Student Athlete: Are You Asking Questions Before You Protest?


 We are walking out of class tomorrow because they beat-up somebody last night.  Are you going to walk out, too?

We are going to kneel during the singing of the National Anthem.  Will you kneel, too?

These are examples of forms of protest or student athletes standing up for what they believe in.

Even though you have the right to protest or stand up for what you believe in, you still have to exercise responsibility in your choices of actions.  This requires having a responsible attitude.  Which means you develop a way of thinking where you consider consequences before you act.

It also means that if you choose to take a particular course of action, you must be prepared to deal with the outcomes.  Especially, when it’s not what you desired or it’s unfavorable to you.

Remember, just because you feel something should happen never guarantees that it will happen.

Let’s take the above examples.

When you are posed with questions of these sorts, responsible thinking would involve you considering the answers to the following in making your decision on what to do.

Why am I protesting?  Why am I choosing to protest this way? 

How many games am I going to kneel at?  How many classes am I going to walk out of?

Will my coaches, teachers, principal, fans, and parents agree with my actions?  Why would they not agree?  What can or will they do if they don’t agree?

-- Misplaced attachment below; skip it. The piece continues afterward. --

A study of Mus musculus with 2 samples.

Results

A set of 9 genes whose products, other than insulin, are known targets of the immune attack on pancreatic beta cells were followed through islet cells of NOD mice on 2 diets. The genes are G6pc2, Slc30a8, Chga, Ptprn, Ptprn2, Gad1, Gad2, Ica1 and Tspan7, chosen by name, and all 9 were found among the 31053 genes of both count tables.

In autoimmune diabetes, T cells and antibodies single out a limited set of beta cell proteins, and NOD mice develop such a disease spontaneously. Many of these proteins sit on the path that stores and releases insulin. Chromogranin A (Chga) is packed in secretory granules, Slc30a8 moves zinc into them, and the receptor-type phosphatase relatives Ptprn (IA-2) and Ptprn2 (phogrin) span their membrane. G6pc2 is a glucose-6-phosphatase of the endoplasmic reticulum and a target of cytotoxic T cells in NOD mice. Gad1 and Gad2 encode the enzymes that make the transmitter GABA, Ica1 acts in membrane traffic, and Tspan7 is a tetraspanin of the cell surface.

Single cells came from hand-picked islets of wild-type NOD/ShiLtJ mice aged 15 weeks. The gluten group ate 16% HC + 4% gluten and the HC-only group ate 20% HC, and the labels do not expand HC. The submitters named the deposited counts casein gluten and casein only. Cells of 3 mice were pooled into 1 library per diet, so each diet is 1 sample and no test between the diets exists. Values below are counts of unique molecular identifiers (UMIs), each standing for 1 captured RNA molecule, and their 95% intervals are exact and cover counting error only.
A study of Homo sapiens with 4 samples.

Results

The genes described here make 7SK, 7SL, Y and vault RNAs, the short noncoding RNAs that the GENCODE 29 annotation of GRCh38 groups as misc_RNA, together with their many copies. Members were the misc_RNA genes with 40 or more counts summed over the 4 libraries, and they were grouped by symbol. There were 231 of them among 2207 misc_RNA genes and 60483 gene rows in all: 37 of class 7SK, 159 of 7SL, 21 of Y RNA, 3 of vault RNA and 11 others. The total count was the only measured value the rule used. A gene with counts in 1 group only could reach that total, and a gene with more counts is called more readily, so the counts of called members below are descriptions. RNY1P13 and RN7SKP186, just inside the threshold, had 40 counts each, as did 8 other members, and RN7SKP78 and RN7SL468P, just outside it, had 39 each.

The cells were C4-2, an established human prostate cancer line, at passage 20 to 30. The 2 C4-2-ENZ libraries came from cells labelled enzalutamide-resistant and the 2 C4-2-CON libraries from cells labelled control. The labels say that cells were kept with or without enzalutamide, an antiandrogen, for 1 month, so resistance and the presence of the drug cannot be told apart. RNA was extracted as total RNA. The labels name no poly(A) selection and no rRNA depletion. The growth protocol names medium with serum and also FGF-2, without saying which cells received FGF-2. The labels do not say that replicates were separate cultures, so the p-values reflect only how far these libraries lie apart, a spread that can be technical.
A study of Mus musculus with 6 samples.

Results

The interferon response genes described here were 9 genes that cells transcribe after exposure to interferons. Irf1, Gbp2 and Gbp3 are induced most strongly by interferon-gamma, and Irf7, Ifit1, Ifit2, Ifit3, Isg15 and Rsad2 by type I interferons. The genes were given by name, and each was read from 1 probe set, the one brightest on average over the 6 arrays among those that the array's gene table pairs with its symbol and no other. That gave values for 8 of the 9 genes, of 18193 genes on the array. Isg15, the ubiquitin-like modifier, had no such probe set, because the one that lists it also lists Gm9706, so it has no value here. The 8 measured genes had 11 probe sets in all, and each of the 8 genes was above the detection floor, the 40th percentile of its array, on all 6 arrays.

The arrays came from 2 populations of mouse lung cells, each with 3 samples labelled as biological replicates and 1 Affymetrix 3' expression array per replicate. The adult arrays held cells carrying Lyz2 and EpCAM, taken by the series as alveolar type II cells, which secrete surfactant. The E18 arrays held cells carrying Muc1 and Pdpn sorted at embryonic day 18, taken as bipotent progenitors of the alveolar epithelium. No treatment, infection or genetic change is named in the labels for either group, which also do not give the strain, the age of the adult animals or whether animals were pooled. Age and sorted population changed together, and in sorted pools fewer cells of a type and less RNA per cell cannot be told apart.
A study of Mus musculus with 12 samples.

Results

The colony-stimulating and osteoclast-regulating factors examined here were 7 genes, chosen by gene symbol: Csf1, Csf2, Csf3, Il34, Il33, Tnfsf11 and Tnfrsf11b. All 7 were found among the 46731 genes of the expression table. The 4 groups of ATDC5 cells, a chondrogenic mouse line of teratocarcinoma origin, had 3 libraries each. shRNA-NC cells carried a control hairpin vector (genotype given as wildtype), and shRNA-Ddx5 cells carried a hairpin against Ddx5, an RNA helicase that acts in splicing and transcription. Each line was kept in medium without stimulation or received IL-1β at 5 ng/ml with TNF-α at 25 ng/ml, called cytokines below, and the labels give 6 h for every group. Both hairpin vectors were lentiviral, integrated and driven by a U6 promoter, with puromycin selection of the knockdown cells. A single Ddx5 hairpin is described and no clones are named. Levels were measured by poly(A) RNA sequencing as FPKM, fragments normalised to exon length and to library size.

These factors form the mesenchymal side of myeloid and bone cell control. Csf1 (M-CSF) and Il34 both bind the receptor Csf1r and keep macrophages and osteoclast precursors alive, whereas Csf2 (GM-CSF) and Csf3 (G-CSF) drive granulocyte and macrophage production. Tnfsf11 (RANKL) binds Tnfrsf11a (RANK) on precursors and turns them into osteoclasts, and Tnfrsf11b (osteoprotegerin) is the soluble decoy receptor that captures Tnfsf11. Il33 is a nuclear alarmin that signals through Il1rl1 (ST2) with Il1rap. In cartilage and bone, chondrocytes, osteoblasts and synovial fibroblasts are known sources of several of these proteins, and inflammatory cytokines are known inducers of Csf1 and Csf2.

Who does my protesting speak to?  Who do I want to hear or receive the message I am trying to send?  What do I specifically want them to do and when do I want it done?

What messages do I not want to send?

What if this does not work?

Will I get kicked off my team? 

Will my reputation be damaged as an athlete?  How will that affect my career? Will any school accept my behavior and want me to be a part of it?

Will it hurt me, my team or my school if people stop coming to the games?

What will I do if I get suspended from school? 

Do I want others to do as I do?  Will I want them to experience the same consequences, or worse, that I may experience?

Is there a potential of others being emotionally, physically, financially, or socially harmed?  If so, is the risk worth my means of getting what I want?

Let me sum it up.


Remember people, young and old, are watching and you are a role model.

Let me know what you think?

Follow me on Facebook at https://www.facebook.com/geralinelhandsome/

Visit my new website geralinelhandsome.com (Athlete’s Voice to Integrity) for more information about how to become a super athlete.

About the Author:  Geraline L. Handsome has developed a passion to help college athletes of team sports discover their identity.  She is a former Women’s Basketball Player for the University of Alabama at Birmingham (UAB).  There she earned a B.S. degree in chemistry/mathematics.  She has a MBA from the University of Phoenix.  She is an Environmental Scientist and the mother of two.  She is also the author of the book Sins of One Woman’s Mind.

Geraline L. Handsome has developed the Creating the Super Athlete Course, a product designed to help parents and coaches help their athletes discover their identity by helping them develop attitudes that will enable them to perform better in their sport, in the classroom, and in public.